This is what Eddy Cue, Apple's senior vice president of services, told Matthew Panzarino of TechCrunch, who scored the exclusive sneak preview of Apple's all-new, next-generation Maps:
From there to here
Once upon a time, Google made Apple an offer it thought they couldn't refuse: Give us access to all your customers' location data and let us serve them ads in Maps, or do without critical features like vector tiles and turn-by-turn navigation. But Apple did refuse. And hard. And that meant the clock was suddenly ticking on Apple Maps. Fast.
Apple had always made the Maps interface on iPhone and had been considering building its own map data for a while. Almost certainly, though, it thought it had more time.
Now it was in a mad dash to rip out Google and replace it in time for the launch of iOS 6. So Apple had to license all the data it could from TomTom, Open Street Map, Yelp, and others.
Because the data were all from different companies, it was all in different formats, and Apple's aggregation, cleansing, and coherency did not go well — and, in many places, it went terribly.
There were flashy new features like Flyover from companies Apple had acquired over the years for its eventual Maps project, but it had no way yet to replace old ones like Street View. And with all the petty fiefdoms involved, it took years to even get Transit back.
As a result, the director in charge of Maps — who previously spearheaded the hugely successful Mobile Safari project — was let go and Tim Cook was compelled to issue an unprecedented apology.
Around the same time, though, Apple began ramping up an entirely new Apple Maps project. Or, perhaps, the Apple Maps project as it should have been and was meant to be.
It's hard to remember now, but Google Maps wasn't created over night or in a vacuum. Back in the day, there were only two real map providers: Tele Atlas, which became TomTom, and Navteq, which became Nokia Here (now owned by a consortium).
Google licensed its maps like everyone else… until it could re-drive and re-map the world in its own image, and do it better than anyone had ever done it before.
Apple had the same lofty aspirations but its definition of better includes fierce protections for user privacy.
Privacy first, last, and always
The data for the new Apple Maps is being collected in three primary ways:
From high-resolution satellite imaging, from specially outfitted Apple Maps vans that have been driving international roadways for years already, and from the billion-odd iPhones that all of us carry every day as we drive, ride, and walk our way through the world.
From the satellites, using computer vision, Apple will be able to add much more detail on everything from parks, to paths, to pools. Right now, Google has trails, and sports facilities Apple doesn't. That's going to change.
From the trucks, Apple is building super high-resolution panoramas and a "point cloud" that maps the world in a full three dimensions.
That lets Maps see under things like tree canopies, which can block satellites, verify addresses, accurately account for lanes, model the real shapes of buildings, match the graphical representation of local street and road signs, and nail points of entry.
While Apple seldomly discusses future products, it also positions them for features like Google-style Street View and Augmented Reality directions, and even pre-fetches data for enhanced and autonomous technologies, including the long-rumored Titan project.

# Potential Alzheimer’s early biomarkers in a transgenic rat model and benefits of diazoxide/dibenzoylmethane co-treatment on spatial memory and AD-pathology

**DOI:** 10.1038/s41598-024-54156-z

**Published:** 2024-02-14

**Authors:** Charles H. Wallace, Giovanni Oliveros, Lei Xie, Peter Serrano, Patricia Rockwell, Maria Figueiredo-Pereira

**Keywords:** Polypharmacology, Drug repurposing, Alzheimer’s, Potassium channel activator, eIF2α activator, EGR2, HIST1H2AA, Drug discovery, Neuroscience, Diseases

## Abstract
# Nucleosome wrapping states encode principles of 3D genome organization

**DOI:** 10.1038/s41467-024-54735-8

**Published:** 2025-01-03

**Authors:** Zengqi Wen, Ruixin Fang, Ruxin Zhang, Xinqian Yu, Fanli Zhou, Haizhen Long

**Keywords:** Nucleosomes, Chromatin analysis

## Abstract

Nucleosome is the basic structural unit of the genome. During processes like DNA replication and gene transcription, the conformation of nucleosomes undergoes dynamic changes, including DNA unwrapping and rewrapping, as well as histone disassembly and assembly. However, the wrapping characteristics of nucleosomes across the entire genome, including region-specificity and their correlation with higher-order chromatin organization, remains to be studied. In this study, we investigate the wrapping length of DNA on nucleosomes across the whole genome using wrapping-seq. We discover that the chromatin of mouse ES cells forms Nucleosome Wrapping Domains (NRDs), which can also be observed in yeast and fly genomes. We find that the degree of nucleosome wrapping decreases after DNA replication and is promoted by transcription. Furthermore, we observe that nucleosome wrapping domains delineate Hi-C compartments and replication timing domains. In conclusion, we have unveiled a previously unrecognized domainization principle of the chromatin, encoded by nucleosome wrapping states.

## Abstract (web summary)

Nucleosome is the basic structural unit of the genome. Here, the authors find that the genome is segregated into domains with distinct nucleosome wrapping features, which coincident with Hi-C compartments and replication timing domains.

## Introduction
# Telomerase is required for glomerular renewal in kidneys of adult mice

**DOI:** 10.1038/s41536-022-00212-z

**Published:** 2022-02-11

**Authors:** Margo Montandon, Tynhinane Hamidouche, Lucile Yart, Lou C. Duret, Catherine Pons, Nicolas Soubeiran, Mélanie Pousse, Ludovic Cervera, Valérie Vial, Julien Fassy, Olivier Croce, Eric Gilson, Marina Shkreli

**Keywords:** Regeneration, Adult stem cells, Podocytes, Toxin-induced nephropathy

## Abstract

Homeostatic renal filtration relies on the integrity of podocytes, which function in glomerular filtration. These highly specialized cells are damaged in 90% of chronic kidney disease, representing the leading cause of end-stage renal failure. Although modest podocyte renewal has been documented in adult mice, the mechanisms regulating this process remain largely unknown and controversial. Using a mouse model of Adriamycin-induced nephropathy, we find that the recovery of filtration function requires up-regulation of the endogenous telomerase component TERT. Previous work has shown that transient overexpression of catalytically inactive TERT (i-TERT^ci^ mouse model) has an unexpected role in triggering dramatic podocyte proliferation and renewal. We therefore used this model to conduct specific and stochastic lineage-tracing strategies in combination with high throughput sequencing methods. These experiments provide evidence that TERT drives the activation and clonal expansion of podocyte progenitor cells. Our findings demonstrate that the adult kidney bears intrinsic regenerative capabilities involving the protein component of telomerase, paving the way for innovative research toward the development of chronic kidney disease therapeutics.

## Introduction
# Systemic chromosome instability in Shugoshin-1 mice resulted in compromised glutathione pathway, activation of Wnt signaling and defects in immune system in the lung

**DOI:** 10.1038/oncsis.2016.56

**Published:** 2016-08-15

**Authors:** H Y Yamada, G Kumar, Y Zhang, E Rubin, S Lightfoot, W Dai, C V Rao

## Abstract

From all the iPhones in all the pockets and hands, Apple will be able to get real-time flow data, which is key to understanding everything from newly opened routes to construction and accidents affecting traffic up-to-the-second. Think Waze but without having to share your personal location data with Google.
That's the biggest part of all this. Through every step and layer and process, the new Apple Maps was architected with privacy in mind. For example, all the Apple Maps van data is encrypted and sanitized to remove faces, license plates, and other individually identifiable information.
Data from iPhones is segmented with the start and end points thrown away and only random, de-identified parts from the mid-points used to "probes" for new routes and traffic. (You can also opt-out of that Settings > Privacy if you really want to.)
At iPhone volume, that means Apple Maps can know how people are navigating without having to know where how any individual person is coming or going. And because Apple's A-series processors are so powerful, it can add any personal context it needs to on-device.
In other words, you don't serve the cloud, the cloud serves you.
Machine Learning meets Human editing
Because Apple believes machine learning by itself is only ever half an answer, Maps will be using human editors, just like App Store and News, but in the hundreds. It'll use them to sanity check and make corrections, which, because Apple will no longer have to loop through a host of other companies, will all be handled much, much, much more quickly.
And yes, search is also being improved so that, you know, searching from something local doesn't prioritize a result three continents away.
What this means for us is better detailed, more accurate, more relevant, and eventually more feature-rich maps that let us stop having to worry about or figure out what they're telling us, and let us enjoy the drive, ride, or walk knowing we'll get exactly where we're going.
Great cartographers ship
Cue told Panzer:
That's an ambitious thing to say — even audacious. Given the history of Apple Maps, I'd much prefer Apple under-promise and over-deliver here. In fact, I'm not going to believe any of this, not even a little, until Apple proves it — until the new Maps ship and we all get a chance to hammer on it. Hard.
That'll start this week in the Bay Area of California, including San Francisco and Cupertino. Over the course of the next year, it'll hit the rest of the U.S., and then keep going internationally.